New York’s 1115 Renewal Update: It’s All About the Technical Details

State is Saving Big-Ticket Policy Discussions for a New Administration

On November 18, New York Medicaid officials provided more detail on their current approach to renewing the state’s 1115 Medicaid Redesign Team (MRT) Waiver. The waiver will expire on March 31, 2021, and is subject to approval by the Centers for Medicare and Medicaid Services (CMS.)

The major takeaway from today’s presentation — New York is not including any big policy objectives or initiatives in this renewal. The state is seeking a three-year renewal strictly focused on preserving existing waiver programs and enabling the 1115 waiver — first approved in 1997 — to continue. The goal of the extension is to preserve current waiver-authorized programs and funding authorities and includes no new policy initiatives for review. New York will also be one of the first states to incorporate updated budget neutrality rebasing in its waiver renewal, which may ultimately limit the state’s flexibility in implementing new programs down the line.

What’s the Background on the State’s MRT Waiver?

New York has had an approved 1115 Waiver for more than 20 years, and it has served as a platform on which the state has built innovative policy and programmatic initiatives through periodic amendments. One notable example is the state’s Delivery System Reform Incentive Payment (DSRIP) program, which was approved in 2014, and expired earlier this year.

In recent years, the current administration at CMS has turned down and/or declined to consider several recent New York amendment requests focused on policy priorities including an initiative focused on criminal justice reform, extension of the state’s DSRIP program, and initiatives to respond to the COVID-19 pandemic.

What Does this Mean for DSRIP, VBP and Other State Priorities?

While this strategy means the waiver renewal will not include any new investments in key policy areas, the state team was clear: New York Medicaid’s priorities have not shifted. Recently submitted amendments that were not approved and/or not considered remain the priorities of the state’s Medicaid program, and will be advanced in one form or another under a new administration. This means what was outlined in last year’s criminal justice reform amendment, last fall’s DSRIP waiver amendment, this year’s Public Health Emergency application, and other recent submissions still strongly signal the state’s desired path forward. (Read my previous posts highlighting the state’s priorities in these applications.) These priorities include DSRIP continuation, expansion of value-based payment arrangements, workforce investment, expanded telehealth, and criminal justice reform.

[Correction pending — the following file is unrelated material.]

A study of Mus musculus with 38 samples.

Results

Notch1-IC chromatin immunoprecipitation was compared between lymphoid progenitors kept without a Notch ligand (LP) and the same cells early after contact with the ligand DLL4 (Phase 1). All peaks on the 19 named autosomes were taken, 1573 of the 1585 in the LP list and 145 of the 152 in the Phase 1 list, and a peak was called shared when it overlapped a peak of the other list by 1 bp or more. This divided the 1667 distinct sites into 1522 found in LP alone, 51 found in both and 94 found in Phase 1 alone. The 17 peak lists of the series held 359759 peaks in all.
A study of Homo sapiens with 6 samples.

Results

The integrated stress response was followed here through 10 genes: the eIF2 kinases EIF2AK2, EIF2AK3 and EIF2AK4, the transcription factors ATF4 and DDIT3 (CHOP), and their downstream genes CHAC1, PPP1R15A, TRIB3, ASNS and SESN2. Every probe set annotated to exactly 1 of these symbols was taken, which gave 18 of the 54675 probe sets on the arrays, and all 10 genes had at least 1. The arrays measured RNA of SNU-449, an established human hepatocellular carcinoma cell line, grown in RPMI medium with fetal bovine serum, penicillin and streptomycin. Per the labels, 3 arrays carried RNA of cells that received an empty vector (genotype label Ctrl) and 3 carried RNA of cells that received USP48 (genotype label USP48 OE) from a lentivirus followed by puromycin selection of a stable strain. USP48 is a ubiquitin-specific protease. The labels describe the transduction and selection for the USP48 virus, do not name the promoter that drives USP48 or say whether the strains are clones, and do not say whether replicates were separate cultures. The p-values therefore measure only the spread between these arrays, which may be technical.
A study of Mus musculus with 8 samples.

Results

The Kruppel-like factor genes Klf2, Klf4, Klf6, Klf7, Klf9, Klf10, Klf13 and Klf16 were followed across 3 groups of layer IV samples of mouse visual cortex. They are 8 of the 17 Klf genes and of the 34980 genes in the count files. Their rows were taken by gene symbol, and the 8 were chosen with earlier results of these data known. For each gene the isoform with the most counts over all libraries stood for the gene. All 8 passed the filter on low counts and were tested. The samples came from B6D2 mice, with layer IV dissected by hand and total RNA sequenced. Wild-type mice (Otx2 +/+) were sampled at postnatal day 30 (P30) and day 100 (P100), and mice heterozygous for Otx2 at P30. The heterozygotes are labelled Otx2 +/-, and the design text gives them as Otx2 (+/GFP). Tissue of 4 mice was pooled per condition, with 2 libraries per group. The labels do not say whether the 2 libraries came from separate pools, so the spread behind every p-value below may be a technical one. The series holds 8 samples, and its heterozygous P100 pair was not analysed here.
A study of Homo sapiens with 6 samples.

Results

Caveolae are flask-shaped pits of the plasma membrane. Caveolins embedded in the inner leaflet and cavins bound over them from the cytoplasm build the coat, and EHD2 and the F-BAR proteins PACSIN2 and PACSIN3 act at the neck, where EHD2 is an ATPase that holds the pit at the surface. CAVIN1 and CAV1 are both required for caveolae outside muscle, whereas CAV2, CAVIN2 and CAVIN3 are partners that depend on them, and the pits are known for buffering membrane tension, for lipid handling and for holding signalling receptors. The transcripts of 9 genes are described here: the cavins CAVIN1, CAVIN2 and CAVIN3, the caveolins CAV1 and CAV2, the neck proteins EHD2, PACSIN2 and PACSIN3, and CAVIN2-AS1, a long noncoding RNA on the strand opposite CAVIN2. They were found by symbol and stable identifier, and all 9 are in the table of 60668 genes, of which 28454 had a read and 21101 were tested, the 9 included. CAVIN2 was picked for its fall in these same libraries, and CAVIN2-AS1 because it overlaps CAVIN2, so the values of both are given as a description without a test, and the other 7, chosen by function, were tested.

So, What is in the Waiver Renewal?

The major components of the three-year extension:

· Preserve Current Programming: The current 1115 MRT Waiver authorizes key long-standing managed care programs such as mainstream managed care, managed long term care, health and recovery plans (HARP), HIV/SNP plans, some children’s home and community based services, and the state’s self-direction pilot. Renewal would continue the STCs and funding authorities that govern these programs.

· Align with MRT II Initiatives: New York will include two components related to MRT II initiatives — the transition of pharmacy from managed care to fee-for-service in alignment with the proposed Pharmacy Carveout, and the transition of MLTC non-emergency transportation to fee-for-service to implement the transportation broker initiative.

What is New York’s Timeline?

Waiver documents are still under development, will be released to the public in mid-December, and the state expects to formally submit its renewal application in early March.

· 12/16/20–1/15/21: Public Comment period. Announcement and link to waiver document will be posted in NYS Register.

· 1/21/21 & 1/27/21: Public hearings will be conducted virtually.

· Early March: State’s submission of final waiver extension request to CMS.

· Proposed Extension Period: 4/1/21–3/31/24

Ok, So What Exactly is an 1115 Waiver?

1115 waivers are a vehicle for state Medicaid programs to pilot and evaluate innovative care delivery and coverage models across their Medicaid population. Section 1115 of the Social Security Act gives the Secretary of Health and Human Services the ability to sign agreements with states waiving certain provisions of Medicaid to be able to test these programs. Waivers are typically approved for an initial 5-year period, and then renewed for periods of 3 to 5 years. Recently, CMS has approved some 1115 waiver renewals for a period of 10 years.

1115 Waivers include funding authorities, detailed and technical terms and conditions outlining program requirements, and comprehensive reporting and evaluation requirements. More than 40 states have an 1115 waiver.

If you want to learn more about 1115 waivers, this is a great resource.

How Can I Learn More?

The state’s presentation, webinar recording, and draft 1115 waiver renewal application are all available here. Additional information will be distributed through its MRT listserv — signup instructions here.

What do you think about the announcement? Have any questions or opinions about what all of this means? You can find me on Twitter @kalinscot or by email at kalin.scott@hsg.global — I’d love to hear what you think. Sign up for more updates by our team at hsg.global.



Kalin Scott

Chief Innovation Officer at Helgerson Solutions Group. Former senior Medicaid official in NY, serving as point person on NY’s 1115 waiver with CMS.